Why self-esteem needs to be groomed from childhood


 

Why is it important?

You may be wondering why it is so important to build a child’s self-esteem. A child’s self-esteem begins to be formed very early, and continues being created day by day.

Self-esteem comes from learning to accept who we are by seeing the insufficiencies and still choosing to like ourselves. Every child’s self-esteem grows with each experience of successful interactions through positive words. It is important to build a child’s belief that they can handle their life and handle it well.

Children with low self-esteem have a difficult time dealing with problems, are overly self-critical, and can become passive, withdrawn, and depressed. They may hesitate to try new things, may speak negatively about themselves, are easily frustrated, and often see temporary problems as permanent conditions. They are pessimistic about themselves and their life.

How does self-esteem happen?

Self-esteem comes from different sources for children at different stages of development. The development of self-esteem in young children is heavily influenced by parental attitudes and behavior. Supportive parental behavior, including encouragement and praise for accomplishments, as well as the child’s internalization of the parents’ own attitudes toward success and failure, are the most powerful factors in the development of self-esteem in early childhood. As children get older their experiences outside the home, in school, and with peers, become increasingly important in determining their self-esteem.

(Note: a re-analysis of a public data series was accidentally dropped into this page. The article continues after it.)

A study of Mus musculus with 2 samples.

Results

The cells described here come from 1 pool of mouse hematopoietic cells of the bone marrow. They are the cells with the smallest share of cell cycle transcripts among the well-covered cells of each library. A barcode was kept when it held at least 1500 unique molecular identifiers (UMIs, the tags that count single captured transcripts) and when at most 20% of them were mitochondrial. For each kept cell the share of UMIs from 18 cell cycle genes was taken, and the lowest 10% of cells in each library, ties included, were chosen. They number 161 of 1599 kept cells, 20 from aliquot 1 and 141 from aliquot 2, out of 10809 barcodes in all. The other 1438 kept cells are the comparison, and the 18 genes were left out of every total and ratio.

Schools can influence their students’ self-esteem through the attitudes they foster toward competition and diversity and their recognition of achievement in academics, sports, and the arts. By middle childhood, friendships have assumed a pivotal role in a child’s life. Studies have shown that school-age youngsters spend more time with their friends than they spend doing homework, watching television, or playing alone. In addition, the amount of time in which they interact with their parents is greatly reduced from when they were younger. At this stage, social acceptance by a child’s peer group plays a major role in developing and maintaining self-esteem.

 

Building self-esteem Building self-esteem 
Here are five simple yet important steps that parents and teachers alike can take to build self-esteem:
– Listen to and acknowledge your child’s thoughts and feelings.
– Create situations that help your child experience success, not failure. Set clear and appropriate expectations, offer reasonable amounts of help, provide adequate incentives and remove obstacles.
– Give your child a feeling of reasonable control over their life.
– Reinforce that your child is lovable and capable.
– Show your child that you have a positive view of yourself.